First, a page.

PTSD can happen to anyone. It is not a sign of weakness. A number of factors can increase the chance that someone will develop PTSD, many of which are not under that person’s control.

PTSD occurs after people go through, or witness, life-threatening events. These can be single, traumatic instances, or intense, long-lasting traumatic experiences. These include war and combat, sexual assault, disasters and mass violence.

Anyone can develop PTSD, and its not under a person’s control. PTSD is also more common after combat or sexual assault.1

Recent scientific breakthroughs show that PTSD may be modulated by the brain’s NMDA receptor.

Read the latest science on PTSD and the NMDA Receptor ➡️

PTSD symptoms are generally grouped into four types: intrusive memories, avoidance, negative changes in thinking and mood, and changes in physical and emotional reactions. Symptoms can vary over time or vary from person to person. PTSD can increase the risk of depression and suicidal ideation. Unlike other anxiety disorders, PTSD is significantly associated with suicidal ideation2 The only approved medicine for depression from PTSD are SSRI’s, which are all contra-indicated against suicide.

  • As many as 12 million adults in the U.S. have PTSD during a given year. This is only a small portion of those who have gone through a trauma.
  • Approximately 6 out of every 100 people (or 6% of the population) will have PTSD at some point in their lives.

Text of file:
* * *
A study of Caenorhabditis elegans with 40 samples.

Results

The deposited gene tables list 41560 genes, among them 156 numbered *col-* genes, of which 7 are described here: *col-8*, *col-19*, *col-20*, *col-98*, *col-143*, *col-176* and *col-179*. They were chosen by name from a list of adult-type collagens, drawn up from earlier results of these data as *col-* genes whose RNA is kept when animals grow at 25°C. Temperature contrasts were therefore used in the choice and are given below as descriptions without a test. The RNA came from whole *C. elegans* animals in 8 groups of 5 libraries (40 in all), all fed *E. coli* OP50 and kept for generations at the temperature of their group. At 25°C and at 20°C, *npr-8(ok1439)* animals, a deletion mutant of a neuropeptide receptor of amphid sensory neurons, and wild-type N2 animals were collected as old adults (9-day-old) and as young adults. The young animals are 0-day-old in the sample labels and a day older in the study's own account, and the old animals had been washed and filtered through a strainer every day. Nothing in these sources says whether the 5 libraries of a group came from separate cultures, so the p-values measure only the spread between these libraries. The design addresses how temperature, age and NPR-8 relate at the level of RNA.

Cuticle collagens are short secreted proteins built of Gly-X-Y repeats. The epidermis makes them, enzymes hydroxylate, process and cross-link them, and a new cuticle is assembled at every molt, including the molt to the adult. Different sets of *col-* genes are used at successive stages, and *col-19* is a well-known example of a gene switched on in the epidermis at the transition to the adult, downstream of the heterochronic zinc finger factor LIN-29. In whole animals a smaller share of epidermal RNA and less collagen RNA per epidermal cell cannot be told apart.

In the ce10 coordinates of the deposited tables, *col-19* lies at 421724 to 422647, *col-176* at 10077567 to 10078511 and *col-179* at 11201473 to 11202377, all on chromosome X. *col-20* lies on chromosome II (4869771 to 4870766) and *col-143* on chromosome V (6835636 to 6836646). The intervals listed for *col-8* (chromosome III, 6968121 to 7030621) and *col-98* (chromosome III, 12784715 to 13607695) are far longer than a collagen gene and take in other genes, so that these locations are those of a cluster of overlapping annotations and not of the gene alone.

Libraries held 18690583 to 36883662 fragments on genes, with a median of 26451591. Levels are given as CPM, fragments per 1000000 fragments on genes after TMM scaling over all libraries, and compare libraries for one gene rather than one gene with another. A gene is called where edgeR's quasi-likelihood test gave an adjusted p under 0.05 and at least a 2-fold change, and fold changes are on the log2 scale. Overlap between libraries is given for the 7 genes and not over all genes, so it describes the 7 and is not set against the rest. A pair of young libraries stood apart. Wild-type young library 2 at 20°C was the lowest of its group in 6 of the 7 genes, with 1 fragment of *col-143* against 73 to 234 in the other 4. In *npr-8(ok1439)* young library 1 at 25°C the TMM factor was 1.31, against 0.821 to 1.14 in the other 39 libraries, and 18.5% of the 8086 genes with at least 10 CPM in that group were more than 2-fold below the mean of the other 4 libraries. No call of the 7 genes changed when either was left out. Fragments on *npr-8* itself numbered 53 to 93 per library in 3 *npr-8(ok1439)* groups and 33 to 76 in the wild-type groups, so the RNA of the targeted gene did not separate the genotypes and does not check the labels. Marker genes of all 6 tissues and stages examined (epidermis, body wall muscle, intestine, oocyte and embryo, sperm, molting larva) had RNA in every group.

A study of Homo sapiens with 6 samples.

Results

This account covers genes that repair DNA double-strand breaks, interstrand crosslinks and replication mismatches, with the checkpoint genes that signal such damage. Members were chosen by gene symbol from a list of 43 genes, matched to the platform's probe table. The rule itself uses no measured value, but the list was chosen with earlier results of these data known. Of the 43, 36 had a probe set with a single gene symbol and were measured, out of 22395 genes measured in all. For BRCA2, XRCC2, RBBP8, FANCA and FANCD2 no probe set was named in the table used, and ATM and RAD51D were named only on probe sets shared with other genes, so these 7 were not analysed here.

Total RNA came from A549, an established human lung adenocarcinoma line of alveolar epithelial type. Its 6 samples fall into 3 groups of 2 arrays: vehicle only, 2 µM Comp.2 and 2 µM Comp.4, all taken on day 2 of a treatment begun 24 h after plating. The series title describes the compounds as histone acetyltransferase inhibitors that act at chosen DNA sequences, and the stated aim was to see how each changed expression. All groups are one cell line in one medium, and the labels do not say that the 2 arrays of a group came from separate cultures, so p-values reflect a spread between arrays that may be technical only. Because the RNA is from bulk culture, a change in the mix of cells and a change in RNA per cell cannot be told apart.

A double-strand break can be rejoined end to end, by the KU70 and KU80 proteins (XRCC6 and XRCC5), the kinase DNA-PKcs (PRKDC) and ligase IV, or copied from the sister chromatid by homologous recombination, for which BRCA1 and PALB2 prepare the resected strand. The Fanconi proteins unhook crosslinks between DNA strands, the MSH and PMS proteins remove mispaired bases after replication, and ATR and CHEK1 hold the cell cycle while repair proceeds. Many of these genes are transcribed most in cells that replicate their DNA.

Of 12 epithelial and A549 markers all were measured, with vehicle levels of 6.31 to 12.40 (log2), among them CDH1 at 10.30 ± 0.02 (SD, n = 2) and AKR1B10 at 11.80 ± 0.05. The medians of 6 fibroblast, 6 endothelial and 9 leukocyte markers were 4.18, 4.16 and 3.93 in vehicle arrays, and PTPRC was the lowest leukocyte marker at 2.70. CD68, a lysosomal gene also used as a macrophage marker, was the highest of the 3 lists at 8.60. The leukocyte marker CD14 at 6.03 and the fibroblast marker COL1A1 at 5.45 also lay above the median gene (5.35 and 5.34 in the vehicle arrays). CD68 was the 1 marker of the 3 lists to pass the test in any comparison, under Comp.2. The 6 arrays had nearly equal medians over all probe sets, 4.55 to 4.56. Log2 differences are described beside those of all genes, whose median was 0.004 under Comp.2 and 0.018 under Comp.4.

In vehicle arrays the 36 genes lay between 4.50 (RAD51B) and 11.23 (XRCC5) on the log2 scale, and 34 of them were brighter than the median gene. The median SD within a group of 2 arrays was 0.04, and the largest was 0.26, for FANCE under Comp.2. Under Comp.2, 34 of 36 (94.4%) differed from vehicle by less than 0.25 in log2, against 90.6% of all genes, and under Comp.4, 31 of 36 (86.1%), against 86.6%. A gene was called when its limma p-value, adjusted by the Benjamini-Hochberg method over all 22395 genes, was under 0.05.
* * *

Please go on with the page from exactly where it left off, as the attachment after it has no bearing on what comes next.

• About 8 of every 100 women (or 8%)
    • 4 of every 100 men (or 4%).

Post-9/11, The United States has lost 4x more veterans and service members to suicide than combat3.

An estimated 30,177 have died by suicide as compared with the 7,057 killed in post-9/11 war operations4. Veterans reporting threshold and subthreshold PTSD were 3 times more likely to endorse these markers of elevated suicide risk relative to the Veterans without PTSD 5

  1. National Center for PTSD, US Dept of Veteran Affairs,
  2. Sareen J.;  Houlahan T.;  Cox; B.J.; Admunson, GJ. Anxiety disorders associated with suicidal ideation and suicide attempts in the National Comorbidity Survey. J Nerv Ment Dis. 2005 Jul;193(7):450-4. doi: 10.1097/01.nmd.0000168263.89652.6b. PMID: 15985839.
  5. Jakupcak M.; Hoerster KD.; Varra A.; Vannoy S.; Felker B.; Hunt S. Hopelessness and suicidal ideation in Iraq and Afghanistan War Veterans reporting subthreshold and threshold posttraumatic stress disorder. J Nerv Ment Dis. 2011 Apr;199(4):272-5. doi: 10.1097/NMD.0b013e3182124604. PMID: 21451353.